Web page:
The BK project’s new single is a “personal mantra for forgetting the bad parts of the past”


When my parents were moving out of the house I’d grown up in about a decade ago (and firmly refused to take my Beanie Babies to another continent with them), I was forced to come home and sort through two decades of crap—and, in doing so, revisit a lot of old life.

Much like as an adult, my very sophisticated filing system is a shoebox that says “IMPORTANT SHIT – DON’T THROW AWAY” hidden under my bed, when I was 4, 9, 15, I had similar cardboard treasure chests housing my most ~precious~ possessions: a small pink pouch of glittery clay “stars” I’d gotten on a camping trip; a cute little glass bear branded with the name of a blood bank; approximately a million origami’d notes from (+ disposable-camera photos of) Abercrombie-sporting middle-school friends. And, of course, a collection of journals, that depending on the author’s (my) age, might range from Lisa Frank diaries containing sad, misspelled odes to popped balloon animals or “Live, Laugh, Love”-style notebooks obsessively tracking calorie counts and conversations with crushes.

While for many of us, toys and mementos offer some nostalgia-fueled fun (remember Pogs!?), other items inspire memories that are more painful. While we might yearn for the simpler days of friendship bracelets, Pokemon and Littlest Pet Shop, we also want to go back and tell our teenage selves to stand up to Britney, that Steven kinda sucks, that it’s okay to eat ice cream.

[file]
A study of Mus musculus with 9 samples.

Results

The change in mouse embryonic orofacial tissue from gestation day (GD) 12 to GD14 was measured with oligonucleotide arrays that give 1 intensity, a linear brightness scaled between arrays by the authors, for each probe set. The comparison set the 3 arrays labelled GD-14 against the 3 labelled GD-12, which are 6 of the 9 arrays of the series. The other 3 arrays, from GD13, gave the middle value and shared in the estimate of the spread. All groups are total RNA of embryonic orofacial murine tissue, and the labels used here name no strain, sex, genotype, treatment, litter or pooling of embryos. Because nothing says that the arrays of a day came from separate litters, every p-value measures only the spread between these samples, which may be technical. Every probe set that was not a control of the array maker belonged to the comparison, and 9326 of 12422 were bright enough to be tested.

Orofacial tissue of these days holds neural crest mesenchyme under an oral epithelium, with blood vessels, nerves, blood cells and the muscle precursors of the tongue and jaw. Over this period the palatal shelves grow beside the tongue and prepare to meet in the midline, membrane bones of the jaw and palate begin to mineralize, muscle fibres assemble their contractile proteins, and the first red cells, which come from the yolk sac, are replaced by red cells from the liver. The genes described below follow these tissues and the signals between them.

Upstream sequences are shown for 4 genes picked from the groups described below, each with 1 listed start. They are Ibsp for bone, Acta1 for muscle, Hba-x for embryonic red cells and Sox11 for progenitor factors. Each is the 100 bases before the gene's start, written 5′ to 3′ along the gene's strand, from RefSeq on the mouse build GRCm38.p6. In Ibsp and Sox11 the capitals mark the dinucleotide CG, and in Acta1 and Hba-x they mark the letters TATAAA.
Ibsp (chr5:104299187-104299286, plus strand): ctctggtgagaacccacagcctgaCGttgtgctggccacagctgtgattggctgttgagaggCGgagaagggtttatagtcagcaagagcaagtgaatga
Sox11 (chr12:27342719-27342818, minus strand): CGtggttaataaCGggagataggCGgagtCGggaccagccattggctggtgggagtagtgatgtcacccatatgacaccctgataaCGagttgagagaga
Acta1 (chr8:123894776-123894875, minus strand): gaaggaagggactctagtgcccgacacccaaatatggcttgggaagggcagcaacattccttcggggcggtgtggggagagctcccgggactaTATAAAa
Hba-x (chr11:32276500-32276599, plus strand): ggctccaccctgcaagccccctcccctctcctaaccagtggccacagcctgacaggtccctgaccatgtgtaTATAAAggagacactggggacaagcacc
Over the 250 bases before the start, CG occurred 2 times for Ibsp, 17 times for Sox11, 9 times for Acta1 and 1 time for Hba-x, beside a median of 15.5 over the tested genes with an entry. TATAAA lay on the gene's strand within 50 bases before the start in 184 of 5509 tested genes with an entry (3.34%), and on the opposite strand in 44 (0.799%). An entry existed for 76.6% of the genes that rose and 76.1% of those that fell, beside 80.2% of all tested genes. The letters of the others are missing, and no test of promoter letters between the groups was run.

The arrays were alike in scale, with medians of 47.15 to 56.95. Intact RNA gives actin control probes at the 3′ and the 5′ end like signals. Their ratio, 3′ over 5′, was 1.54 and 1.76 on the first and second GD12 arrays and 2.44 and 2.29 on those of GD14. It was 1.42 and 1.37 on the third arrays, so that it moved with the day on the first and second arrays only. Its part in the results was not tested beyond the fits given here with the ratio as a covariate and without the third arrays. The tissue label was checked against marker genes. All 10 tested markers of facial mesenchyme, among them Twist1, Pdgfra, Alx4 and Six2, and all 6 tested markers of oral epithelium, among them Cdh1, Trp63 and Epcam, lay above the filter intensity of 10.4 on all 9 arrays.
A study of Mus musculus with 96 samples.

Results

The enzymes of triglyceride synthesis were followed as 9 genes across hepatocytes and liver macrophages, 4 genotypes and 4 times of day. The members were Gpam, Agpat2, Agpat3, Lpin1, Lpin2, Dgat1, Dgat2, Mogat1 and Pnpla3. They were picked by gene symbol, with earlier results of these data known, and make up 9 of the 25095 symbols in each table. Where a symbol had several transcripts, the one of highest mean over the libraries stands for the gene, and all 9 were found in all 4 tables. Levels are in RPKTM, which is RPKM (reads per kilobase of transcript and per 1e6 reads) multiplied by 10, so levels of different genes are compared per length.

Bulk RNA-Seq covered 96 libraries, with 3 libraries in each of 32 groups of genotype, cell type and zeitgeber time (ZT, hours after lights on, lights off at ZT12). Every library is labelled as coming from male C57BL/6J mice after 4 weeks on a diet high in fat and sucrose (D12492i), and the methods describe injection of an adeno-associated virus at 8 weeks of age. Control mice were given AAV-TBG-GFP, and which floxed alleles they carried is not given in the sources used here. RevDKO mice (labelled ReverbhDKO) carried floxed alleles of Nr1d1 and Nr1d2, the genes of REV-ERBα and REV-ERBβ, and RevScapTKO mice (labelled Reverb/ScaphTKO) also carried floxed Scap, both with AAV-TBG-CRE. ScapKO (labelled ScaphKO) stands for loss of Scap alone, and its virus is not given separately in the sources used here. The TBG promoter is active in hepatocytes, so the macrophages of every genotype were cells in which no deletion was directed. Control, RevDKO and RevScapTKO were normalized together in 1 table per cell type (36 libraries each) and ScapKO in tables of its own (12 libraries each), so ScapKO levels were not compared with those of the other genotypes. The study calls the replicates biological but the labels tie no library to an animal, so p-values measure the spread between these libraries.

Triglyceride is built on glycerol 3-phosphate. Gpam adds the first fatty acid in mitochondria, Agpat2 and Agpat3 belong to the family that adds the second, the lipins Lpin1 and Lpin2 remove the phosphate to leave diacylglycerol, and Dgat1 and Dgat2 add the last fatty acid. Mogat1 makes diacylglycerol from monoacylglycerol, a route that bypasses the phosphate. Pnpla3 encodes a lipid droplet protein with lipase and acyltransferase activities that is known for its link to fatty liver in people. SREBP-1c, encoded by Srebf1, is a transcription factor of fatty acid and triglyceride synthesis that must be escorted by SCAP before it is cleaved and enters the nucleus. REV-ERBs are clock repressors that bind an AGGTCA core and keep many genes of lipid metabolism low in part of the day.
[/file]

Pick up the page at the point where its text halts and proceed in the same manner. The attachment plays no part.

It’s not reliving the exact feelings again, but moreso a combination of pity, retroactive anger and even regret—the sense of so much wasted time.

It’s this sort of experience—an intense emotional excavation by way of physical stuff—that’s explored in song form by Monster Furniture in “Living in It Now.” In the newest single from the band, a childhood home is a metaphor for memories, but as songwriter Gabe Smoller revisits his old life through his old room, he doesn’t sulk, stew or stay stuck there. Instead, he reckons with his past and then purges it, evolving from initial bitterness to a newfound feeling of freedom as he unburdens himself of the old and the ugly on his mission to “clean the inside shit out.”

“I wrote ‘Living in It Now’ about cleaning out my old bedroom and the emotional rollercoaster of going through old photos and toys and love letters,” Gabe wrote of the song. “I was writing from a real place of anger about unlocking old memories and then throwing the tokens away, but ultimately the song became a joyful kind of purge. There’s catharsis in becoming unburdened by the past. So the song ended up as sort of a personal mantra for forgetting the bad parts of the past, framed in the chorus as the literal destruction of that house.” 

The single, which dropped on Monday, comes on the heels of Monster Furniture’s previous single, “Simple Fix,” released in July.

May we all only keep the good memories (and the good music) as we move forward and move on, listening to “Living in It Now” while living in the now.


Follow Monster Furniture at @monsterfurniturebk, buy music on Bandcamp and add the songs to your Spotify playlists!

Feature image provided by the artist.